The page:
Many patients are dying at home. The Tokyo area is among the most affects. Contagions increased sevenfold after the summer holidays. Vaccinations will only start in late February. Several prefectures lack staff to carry out the immunisation campaign. Fears are growing over the fate of the Tokyo Olympics.
Tokyo (AsiaNews) – More than 15,000 COVID-19 patients are on waiting lists for hospitalisation or accommodation in other facilities. One consequence is that more and more people are dying at home, Kyodo News reported today.
The surge in cases over the last month is putting a strain on Japan’s health system, which lacks hospital enough beds to deal with the pandemic emergency.
After the novel coronavirus outbreak began a year ago, the Japanese government never imposed a full lockdown. Today 11 prefectures are in a state of emergency.
A recent survey shows that Tokyo had the most infected people waiting to be hospitalised or accommodated at other facilities, up 4.8 times from 1,563 on 19 December to 7,539 today. Three prefectures – Saitama, Chiba, and Osaka – are also hard pressed.
Currently, Japan has reported 360,000 cases with more than 5,000 deaths.
A study by Kyoto University released last Thursday shows that infections increased sevenfold after the government launched an aid plan to promote domestic tourism in July.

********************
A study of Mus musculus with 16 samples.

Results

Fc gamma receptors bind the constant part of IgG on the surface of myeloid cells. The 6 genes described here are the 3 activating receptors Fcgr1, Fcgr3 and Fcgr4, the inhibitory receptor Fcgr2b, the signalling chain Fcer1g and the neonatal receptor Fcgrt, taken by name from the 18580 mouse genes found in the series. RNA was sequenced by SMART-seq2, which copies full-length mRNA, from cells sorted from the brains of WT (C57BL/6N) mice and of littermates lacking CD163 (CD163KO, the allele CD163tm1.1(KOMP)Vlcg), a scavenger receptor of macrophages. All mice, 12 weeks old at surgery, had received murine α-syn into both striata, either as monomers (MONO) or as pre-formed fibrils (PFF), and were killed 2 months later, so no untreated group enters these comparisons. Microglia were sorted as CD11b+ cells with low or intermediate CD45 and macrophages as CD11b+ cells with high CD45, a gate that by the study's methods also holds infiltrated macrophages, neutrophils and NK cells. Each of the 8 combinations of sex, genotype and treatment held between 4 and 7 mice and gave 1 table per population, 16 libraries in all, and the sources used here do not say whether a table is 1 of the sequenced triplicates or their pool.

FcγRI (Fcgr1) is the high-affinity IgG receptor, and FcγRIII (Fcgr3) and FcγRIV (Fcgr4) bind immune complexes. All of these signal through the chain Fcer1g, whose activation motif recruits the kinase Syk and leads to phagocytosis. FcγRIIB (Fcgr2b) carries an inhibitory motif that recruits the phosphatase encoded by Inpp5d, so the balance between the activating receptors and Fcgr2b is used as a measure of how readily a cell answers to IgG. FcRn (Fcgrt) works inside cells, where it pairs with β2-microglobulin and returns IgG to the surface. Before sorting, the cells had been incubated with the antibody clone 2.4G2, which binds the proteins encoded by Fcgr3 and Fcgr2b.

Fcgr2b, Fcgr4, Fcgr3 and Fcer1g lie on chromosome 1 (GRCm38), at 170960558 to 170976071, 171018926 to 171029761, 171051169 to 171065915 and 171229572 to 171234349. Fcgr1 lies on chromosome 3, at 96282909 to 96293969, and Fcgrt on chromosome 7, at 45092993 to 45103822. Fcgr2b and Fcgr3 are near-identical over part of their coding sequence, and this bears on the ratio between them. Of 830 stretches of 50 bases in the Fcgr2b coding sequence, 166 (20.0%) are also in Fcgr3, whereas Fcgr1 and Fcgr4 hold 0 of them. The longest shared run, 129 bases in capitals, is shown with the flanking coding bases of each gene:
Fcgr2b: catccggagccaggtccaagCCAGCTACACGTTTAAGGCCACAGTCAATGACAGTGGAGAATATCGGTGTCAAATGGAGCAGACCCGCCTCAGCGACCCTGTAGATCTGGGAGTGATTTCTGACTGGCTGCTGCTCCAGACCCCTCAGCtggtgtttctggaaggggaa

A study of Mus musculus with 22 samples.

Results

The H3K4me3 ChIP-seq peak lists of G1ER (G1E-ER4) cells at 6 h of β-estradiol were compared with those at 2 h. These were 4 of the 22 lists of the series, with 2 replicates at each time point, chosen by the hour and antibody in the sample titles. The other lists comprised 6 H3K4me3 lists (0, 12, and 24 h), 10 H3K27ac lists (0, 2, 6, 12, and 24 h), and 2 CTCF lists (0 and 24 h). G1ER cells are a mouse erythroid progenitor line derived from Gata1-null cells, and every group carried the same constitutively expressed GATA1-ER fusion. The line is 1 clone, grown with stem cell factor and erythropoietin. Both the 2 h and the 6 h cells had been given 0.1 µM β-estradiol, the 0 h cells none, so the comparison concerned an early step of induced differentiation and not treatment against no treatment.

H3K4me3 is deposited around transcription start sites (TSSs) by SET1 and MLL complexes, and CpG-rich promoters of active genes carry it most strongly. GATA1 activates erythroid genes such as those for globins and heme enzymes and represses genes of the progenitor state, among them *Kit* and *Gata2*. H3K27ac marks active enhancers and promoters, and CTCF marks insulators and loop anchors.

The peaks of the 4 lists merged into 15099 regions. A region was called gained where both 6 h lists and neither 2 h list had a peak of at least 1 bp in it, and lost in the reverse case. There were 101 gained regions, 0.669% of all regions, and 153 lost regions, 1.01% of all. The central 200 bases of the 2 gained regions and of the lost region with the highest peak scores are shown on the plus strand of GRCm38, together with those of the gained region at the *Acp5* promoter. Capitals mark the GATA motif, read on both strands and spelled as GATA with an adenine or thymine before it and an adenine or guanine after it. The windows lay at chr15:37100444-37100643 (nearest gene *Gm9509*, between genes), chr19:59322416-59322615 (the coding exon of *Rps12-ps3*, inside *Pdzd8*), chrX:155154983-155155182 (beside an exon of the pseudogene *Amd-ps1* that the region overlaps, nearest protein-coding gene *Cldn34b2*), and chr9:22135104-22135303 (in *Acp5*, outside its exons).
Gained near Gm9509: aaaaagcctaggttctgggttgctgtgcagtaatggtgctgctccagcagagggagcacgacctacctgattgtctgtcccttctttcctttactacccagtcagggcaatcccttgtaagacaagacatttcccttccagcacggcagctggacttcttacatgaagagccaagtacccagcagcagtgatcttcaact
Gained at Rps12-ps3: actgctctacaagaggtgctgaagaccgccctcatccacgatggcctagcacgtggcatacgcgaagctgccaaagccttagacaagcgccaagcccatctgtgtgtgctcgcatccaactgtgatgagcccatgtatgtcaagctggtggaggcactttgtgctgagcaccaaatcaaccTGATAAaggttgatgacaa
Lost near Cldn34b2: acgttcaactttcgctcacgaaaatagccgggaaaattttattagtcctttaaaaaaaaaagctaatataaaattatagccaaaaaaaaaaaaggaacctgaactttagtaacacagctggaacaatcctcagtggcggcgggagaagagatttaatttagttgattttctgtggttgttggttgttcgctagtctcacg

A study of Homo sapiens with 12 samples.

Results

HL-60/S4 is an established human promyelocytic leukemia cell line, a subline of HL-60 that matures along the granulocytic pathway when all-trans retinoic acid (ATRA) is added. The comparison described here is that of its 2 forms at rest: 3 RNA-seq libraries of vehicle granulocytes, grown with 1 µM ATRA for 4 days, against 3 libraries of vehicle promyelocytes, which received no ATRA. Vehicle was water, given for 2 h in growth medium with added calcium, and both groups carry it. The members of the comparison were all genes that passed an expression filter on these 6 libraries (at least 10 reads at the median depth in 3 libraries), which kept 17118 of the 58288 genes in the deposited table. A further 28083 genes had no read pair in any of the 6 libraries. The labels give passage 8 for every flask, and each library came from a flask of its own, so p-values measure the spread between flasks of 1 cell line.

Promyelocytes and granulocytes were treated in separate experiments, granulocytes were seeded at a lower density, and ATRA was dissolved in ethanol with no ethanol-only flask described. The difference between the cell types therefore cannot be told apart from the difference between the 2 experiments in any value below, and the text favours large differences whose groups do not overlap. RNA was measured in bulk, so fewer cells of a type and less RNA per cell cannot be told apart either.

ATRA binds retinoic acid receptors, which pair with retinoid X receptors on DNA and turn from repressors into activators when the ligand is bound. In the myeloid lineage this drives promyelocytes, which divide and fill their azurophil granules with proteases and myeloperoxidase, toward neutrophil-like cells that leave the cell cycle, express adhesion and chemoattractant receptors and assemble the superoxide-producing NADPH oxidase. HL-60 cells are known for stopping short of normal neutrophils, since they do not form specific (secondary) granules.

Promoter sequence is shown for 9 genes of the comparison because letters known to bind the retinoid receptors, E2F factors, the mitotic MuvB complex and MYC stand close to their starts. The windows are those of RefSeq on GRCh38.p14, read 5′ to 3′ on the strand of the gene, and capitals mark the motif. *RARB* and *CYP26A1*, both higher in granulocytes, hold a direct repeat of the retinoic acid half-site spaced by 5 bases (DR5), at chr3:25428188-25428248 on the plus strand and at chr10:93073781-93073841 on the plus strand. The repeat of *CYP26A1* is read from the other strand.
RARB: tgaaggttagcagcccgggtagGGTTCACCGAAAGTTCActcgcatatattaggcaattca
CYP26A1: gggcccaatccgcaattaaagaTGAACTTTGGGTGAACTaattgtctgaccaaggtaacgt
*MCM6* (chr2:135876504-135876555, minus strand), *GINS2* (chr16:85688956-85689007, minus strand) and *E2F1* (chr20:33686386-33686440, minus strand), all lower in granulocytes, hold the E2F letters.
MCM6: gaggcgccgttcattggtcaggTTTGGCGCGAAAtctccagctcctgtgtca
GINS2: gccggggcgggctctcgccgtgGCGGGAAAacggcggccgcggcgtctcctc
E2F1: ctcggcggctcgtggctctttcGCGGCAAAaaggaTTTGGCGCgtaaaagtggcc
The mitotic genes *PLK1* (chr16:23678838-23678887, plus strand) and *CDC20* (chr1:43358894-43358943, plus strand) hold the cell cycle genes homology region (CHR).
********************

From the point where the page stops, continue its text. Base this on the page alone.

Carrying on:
In the meantime, the vaccination campaign is set to start only in late February. Prime Minister Yoshihide Suga and his government are still verifying the safety and efficacy of vaccines. A coronavirus vaccination simulation will be carried out this Wednesday in Kawasaki, near Tokyo.
The authorities are waiting for the arrival of 310 million vaccine doses from US companies Pfizer and Moderna, as well as the UK’s AstraZeneca.
A recent Kyodo News poll found that 80 per cent of Japan’s 47 prefectural capitals view securing enough medical personnel for vaccination as a challenge.
The gradual increase in the positivity rate is raising concerns over the fate of this summer’s Tokyo Olympics. According to estimates, postponing the Games by one year has already cost the country 640 billion yen (US$ 5.9 billion).